I was only going to have one beer at the Buffet Bar, Tucson’s famed dive bar in the historic Iron Horse Neighborhood. But then I started talking to Art across the corner of the bar. It’s a friendly place. I soon learned that Art was born in Tucson a few years after the end of World War II but raised in tough neighborhoods in East LA and then on the gentler streets of Phoenix, before coming back to Tucson.
Art said he was going to play in an annual chess tournament the next day at the Hotel Congress. But this was Friday and he was shooting pool and having a tall can of Budweiser ($2.50) in the dark Buffet Bar. It’s the kind of place Bukowski would drink in if he was still around.
Art put Ray Charles’ Mess Around on the jukebox. I ordered another beer and learned about previous Buffet Bar owner Ted Bair and Miss Peggy, the bartender, who didn’t allow cussing in there. She passed a few years ago and her ashes are now in a Foster’s can on the back bar. That was her beer. This was her bar.
On this late spring day, Cindy the bartender had a full-size poodle wandering around the patrons, including the old guy with a red athletic jacket and a lush toupee.
Esquire magazine named the Buffet Bar one of America’s Best Dive Bars in 2013. I had it on my list to visit. The Buffet, 538 Ninth St., opened after Prohibition ended in 1934 and it is one of Tucson's oldest bars.
I stumbled across it while exploring lower Fourth Avenue and the pink Coronado Hotel, which like a lot of vintage hotels in Arizona needs some paint and expensive TLC.
Earlier, I enjoyed a latte in a Fourth Avenue coffee shop near a Sun Link streetcar stop. I stopped in at a great bookstore, Antigone Books, at 411 N. Fourth Ave. and found a book I had to buy: “Chasing Arizona” by Ken Lamberton.
That seemed appropriate since that’s what I was doing in Tucson. I finished the book about six weeks later and learned a lot about Arizona. Lamberton is a good writer and his concept for the book is a good one, although I think he ran out of mojo for his adventures toward the end of Arizona's centennial year of 2012.
Tucson moves at its own pace
Over the decades, I’ve only spent a few days here and there in Tucson but passed through so many times. I always find it to be a great change of pace from the hustle-bustle of the spreading Phoenix metroplex.
This was a two-day visit to look deeper into the city to find its character. I wanted to find the house where gangster John Dillinger was arrested by Tucson police in 1934.
Dillinger and his wise guys were rousted from the Hotel Congress because of a fire. Someone thought Dillinger looked familiar. So Tucson’s finest did what the FBI and other police departments failed to do. They caught Public Enemy No. 1.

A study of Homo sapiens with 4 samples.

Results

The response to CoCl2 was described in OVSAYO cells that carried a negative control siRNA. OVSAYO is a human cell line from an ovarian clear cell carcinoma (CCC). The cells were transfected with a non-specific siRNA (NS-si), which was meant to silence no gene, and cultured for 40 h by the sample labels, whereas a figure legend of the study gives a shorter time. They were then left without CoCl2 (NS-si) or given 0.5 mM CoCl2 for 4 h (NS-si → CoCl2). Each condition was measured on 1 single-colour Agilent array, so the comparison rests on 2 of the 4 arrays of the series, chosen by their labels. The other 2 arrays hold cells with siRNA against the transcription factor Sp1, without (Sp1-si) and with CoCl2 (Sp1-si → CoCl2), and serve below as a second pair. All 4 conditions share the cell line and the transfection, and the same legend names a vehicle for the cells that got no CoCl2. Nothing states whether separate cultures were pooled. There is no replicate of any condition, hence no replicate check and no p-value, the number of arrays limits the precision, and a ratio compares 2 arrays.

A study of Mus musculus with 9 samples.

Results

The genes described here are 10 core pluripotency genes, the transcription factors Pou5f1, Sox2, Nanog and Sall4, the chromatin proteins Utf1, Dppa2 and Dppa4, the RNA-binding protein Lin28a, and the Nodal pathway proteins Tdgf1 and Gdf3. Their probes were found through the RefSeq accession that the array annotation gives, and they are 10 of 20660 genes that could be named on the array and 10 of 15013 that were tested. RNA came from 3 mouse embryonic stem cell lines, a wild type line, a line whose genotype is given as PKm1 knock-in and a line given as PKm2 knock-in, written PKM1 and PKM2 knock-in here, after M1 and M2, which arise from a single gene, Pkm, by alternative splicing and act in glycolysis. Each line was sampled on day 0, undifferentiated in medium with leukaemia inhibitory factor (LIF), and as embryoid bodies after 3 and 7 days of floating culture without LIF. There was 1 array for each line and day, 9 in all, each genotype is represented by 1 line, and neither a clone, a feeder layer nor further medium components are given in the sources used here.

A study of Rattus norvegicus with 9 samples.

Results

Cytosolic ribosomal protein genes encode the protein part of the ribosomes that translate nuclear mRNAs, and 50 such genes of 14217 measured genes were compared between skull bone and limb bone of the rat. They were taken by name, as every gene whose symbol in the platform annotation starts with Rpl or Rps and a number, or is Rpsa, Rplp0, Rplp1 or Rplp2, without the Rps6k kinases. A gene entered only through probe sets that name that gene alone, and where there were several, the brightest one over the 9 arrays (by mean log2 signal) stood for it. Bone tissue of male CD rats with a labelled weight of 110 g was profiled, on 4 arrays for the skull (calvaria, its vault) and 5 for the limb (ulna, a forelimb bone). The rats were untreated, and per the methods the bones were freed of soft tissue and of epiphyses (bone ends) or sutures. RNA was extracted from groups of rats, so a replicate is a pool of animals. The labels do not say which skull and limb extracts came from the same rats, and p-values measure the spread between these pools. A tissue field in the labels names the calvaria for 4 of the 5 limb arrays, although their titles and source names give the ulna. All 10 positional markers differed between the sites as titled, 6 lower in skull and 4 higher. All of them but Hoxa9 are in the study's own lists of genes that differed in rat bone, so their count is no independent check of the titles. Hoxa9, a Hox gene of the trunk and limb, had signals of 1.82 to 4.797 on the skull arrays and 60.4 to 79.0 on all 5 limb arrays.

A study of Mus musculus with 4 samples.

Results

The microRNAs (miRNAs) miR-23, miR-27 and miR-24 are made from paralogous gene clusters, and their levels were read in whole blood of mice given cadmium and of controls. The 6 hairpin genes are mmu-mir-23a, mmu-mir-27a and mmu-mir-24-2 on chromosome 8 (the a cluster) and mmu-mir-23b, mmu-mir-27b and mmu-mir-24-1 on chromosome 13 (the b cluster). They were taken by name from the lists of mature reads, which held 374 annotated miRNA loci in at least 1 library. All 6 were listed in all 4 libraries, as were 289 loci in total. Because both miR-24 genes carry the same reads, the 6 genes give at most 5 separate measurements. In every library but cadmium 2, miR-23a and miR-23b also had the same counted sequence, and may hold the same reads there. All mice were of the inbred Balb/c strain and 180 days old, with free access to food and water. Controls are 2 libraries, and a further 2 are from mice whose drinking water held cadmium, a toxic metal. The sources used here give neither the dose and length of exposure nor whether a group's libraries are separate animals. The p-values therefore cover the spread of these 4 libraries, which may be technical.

I found the house at 927 N. Second Ave., It’s an unremarkable bungalow in one of many Tucson neighborhoods with generally well kept historic homes.
I also found an abundance of street people along Fourth Avenue and in Tucson’s small parks. Other down-on-their-luck guys were out at former Miracle Mile hotels renovated for homeless housing.
A key reason for my Tucson visit was to see what remains of Miracle Mile hotels and the vintage neon that tantalized Arizona travelers before Interstate 10 rerouted them to newer chain hotels with boring, corporate back-lit signs.
At night, the Miracle Mile lights up with the black and white sign at Ghost Ranch Lodge, Terrace Motel and more colorful neon at the Monterey Court, Tropicana Motor Hotel and others from the era.
The Miracle Mile sign itself -- a towering saguaro -- is a fitting landmark along the Mile. Downtown Tucson also has cool neon at the Hotel Congress, Rialto and Fox theaters.
I stayed at the nicely restored Royal Sun Inn, a Best Western that includes a vintage coffee shop redone with a Midcentury Modern design, colors and lighting fixtures.
Peeling back some of Tucson’s layers opened my eyes and made me want to explore more of the city. There is so much more to see.
Get lost in a saguaro forest
On previous visits, I’ve enjoyed both sections of the Saguaro National Park that bracket the city. It includes some of the prettiest Sonoran desert one can find and the densest stands of tall saguaros. I also stopped on the way out of town at the Catalina State Park, which looks to be a great camping spot at the foot of the Santa Catalina Mountains.
Another spot to enjoy the Sonoran desert is Sabino Canyon in the Santa Catalina Mountains. It's got hiking trails, a swimming hole and shuttle bus to scenic overlooks. Take Tanque Verde Road or Sunrise Drive to Sabino Canyon Road in northeast Tucson.